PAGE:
New Congressional Study Of ‘Don’t Ask, Don’t Tell” Is Misleading, Report Finds
Statistical Sleight of Hand and Selective Use of Evidence Lead to Flawed Conclusions
SANTA BARBARA, CA, – The Center for the Study of Sexual Minorities in the Military (CSSMM) released a report today assessing a new Congressional Research Service (CRS) study, entitled “Homosexuals and U.S. Military Policy: Current Issues.” The CSSMM assessment finds that CRS draws misleading conclusions about “don’t ask, don’t tell” and its effects on the military and its gay service members.
The CRS study addresses the recent history of the current policy on gay service members, as well as legal challenges, public opinion, violence against gays, recruitment, discharges and foreign military experience. But according to the CSSMM report, CRS arrives at misleading conclusions about “don’t ask, don’t tell” through a statistical sleight of hand, selective presentation of evidence, and mischaracterization of what the law says.
For example, Pentagon statistics show that annual discharge rates for homosexuality conformed to a clear pattern after the passage of “don’t ask, don’t tell.” In six out of the first seven years following the 1994 passage of the law, discharges of gays and lesbians increased. Then, following the September 11 attacks, discharges declined every year for the past three years. The CRS study attributes this pattern to random fluctuations in the data. But CRS arrives at its conclusion about the random nature of the data via a statistical sleight of hand. In particular, the CRS report combines the rising discharge figures from the first seven years of the policy with the falling discharge figures from the most recent three years, thus focusing on the average number of discharges since the passage of “don’t ask, don’t tell” rather than the trend described above.
The combination of the rising rates with the falling ones yields an average discharge rate that is roughly comparable to the old, pre-Clinton average discharge rate in the same number of years before the passage of “don’t ask, don’t tell.” As such, “don’t ask, don’t tell” seems to have the same impact on the rate of gay discharges as its predecessor. The past three years of falling discharges, however, are the result of a practice of troop retention that has followed from the wars in Afghanistan and Iraq. According to Dr. Nathaniel Frank, senior research fellow at CSSMM and author of the assessment, “the effort to conceal the trends by combining the pre-9/11 and post-9/11 discharge rates, and to dismiss the pattern as the product of ‘random fluctuations,’ appears to misconstrue the unavoidable conclusions of the evidence—that ‘don’t ask, don’t tell’ correlated with a significant climb in discharge rates, and that, during wartime, discharge rates fell.”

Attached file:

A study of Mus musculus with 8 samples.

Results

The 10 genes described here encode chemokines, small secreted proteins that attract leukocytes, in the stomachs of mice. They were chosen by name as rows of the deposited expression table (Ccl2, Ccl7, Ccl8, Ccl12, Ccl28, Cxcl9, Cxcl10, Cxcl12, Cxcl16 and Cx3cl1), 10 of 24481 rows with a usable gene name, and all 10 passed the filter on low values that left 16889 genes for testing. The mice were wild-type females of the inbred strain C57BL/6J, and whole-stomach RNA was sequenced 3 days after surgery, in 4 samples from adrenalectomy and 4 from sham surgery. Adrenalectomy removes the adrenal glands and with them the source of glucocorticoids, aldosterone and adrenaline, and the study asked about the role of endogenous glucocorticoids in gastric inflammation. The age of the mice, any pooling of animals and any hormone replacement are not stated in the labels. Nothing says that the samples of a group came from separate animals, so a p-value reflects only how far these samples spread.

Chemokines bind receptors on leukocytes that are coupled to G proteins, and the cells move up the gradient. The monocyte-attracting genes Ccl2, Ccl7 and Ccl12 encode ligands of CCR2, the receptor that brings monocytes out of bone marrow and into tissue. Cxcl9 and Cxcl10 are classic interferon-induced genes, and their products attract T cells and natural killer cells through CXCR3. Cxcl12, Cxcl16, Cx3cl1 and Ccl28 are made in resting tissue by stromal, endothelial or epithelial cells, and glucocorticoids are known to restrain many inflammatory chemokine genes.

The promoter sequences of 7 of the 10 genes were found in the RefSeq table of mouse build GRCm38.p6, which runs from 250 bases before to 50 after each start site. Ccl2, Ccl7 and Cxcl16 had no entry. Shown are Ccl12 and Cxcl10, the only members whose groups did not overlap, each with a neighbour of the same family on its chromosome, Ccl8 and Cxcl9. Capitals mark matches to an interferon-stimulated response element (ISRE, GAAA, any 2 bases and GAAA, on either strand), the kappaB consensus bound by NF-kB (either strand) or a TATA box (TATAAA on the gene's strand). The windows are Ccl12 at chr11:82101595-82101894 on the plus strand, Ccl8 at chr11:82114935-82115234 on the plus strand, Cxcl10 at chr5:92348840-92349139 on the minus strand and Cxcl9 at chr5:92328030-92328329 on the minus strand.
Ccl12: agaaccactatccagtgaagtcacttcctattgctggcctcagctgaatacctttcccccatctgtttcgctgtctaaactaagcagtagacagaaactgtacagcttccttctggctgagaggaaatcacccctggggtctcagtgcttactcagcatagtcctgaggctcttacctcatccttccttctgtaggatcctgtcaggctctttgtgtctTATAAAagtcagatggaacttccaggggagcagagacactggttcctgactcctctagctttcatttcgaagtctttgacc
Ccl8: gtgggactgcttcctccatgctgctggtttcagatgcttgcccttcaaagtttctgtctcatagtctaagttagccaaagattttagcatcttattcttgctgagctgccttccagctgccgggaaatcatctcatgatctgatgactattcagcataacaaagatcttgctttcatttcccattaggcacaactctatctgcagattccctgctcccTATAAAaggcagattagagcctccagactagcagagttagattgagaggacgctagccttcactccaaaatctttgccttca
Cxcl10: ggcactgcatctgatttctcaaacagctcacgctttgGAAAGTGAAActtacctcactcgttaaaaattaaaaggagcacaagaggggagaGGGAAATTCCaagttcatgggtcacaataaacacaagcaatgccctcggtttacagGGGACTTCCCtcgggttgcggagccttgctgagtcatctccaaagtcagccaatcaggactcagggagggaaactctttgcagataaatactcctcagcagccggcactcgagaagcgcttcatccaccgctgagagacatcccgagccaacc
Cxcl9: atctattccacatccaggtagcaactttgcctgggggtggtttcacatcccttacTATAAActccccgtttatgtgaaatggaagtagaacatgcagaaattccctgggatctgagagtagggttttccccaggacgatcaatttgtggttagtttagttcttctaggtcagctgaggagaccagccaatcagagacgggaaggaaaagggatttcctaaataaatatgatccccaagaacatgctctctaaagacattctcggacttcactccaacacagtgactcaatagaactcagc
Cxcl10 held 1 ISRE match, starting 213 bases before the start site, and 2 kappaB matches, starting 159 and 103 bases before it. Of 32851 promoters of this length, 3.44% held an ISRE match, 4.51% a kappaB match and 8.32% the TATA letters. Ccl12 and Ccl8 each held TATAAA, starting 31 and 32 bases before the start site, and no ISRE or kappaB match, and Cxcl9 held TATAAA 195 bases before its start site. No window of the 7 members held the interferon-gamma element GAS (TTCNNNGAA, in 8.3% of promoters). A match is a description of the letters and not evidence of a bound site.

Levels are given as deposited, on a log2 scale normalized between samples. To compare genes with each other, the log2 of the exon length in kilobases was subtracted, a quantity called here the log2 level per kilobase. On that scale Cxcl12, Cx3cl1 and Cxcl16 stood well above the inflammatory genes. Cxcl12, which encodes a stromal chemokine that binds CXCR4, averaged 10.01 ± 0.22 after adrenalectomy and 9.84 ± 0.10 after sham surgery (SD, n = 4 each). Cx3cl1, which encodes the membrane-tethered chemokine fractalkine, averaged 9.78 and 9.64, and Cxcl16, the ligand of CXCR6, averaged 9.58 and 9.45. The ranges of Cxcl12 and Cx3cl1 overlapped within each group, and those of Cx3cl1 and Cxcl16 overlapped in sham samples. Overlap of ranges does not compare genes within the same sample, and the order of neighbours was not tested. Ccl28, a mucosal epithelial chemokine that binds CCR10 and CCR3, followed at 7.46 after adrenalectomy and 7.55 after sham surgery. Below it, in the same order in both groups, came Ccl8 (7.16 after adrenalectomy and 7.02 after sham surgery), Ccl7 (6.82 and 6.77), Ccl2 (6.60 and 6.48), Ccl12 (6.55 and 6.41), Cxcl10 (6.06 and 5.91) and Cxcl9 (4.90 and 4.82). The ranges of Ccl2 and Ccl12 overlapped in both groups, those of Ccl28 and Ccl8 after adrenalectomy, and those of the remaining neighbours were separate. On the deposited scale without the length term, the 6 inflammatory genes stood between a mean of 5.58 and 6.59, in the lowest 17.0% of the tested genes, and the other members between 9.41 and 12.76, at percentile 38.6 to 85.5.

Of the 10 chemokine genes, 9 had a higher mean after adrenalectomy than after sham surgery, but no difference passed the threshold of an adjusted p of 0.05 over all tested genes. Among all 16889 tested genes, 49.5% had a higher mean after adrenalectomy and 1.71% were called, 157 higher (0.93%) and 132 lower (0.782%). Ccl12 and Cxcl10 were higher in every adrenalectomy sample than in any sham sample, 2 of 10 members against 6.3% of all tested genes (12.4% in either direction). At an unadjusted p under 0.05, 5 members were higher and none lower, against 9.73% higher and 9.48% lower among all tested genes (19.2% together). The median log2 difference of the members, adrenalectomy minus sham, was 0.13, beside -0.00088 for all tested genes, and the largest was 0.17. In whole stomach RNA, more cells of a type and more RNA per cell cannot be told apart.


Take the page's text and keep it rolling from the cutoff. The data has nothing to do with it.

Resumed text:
In addition, the CRS study omits the latest evidence showing significant support for letting gays serve openly, both among civilians and, increasingly, military personnel. While two polls from Gallup and the University of New Hampshire Survey Center both show that 79% of the public favors letting gays serve openly, the CRS study only mentions polls putting that figure at 63%. Similarly, CRS cites a Military Times poll, based on non-random sampling techniques, showing that 25% of active duty military personnel support letting gays serve openly. But a more recent Annenberg survey based on random sampling methods puts the figure at 42%, a statistic the CRS report did not mention.
Finally, the CRS study mischaracterizes what the “don’t ask, don’t tell” law says. According to the study, the statutory language of “don’t ask, don’t tell” targets individuals “based on conduct,” while making “no mention of ‘orientation.'” It says that individuals who “choose” to make their sexual identity public will be discharged. “The implication,” says Frank, “is that gays have the option to serve simply by refraining from coming out.”
In reality, he explains, the law targets homosexuals based on their identity, not just their conduct. “Gays have been discharged because their orientation was disclosed by a third party, because their personal letters or photos were found, or because they were otherwise investigated without having been involved in any misconduct,” said Frank. “That’s punishing the person, not her behavior.”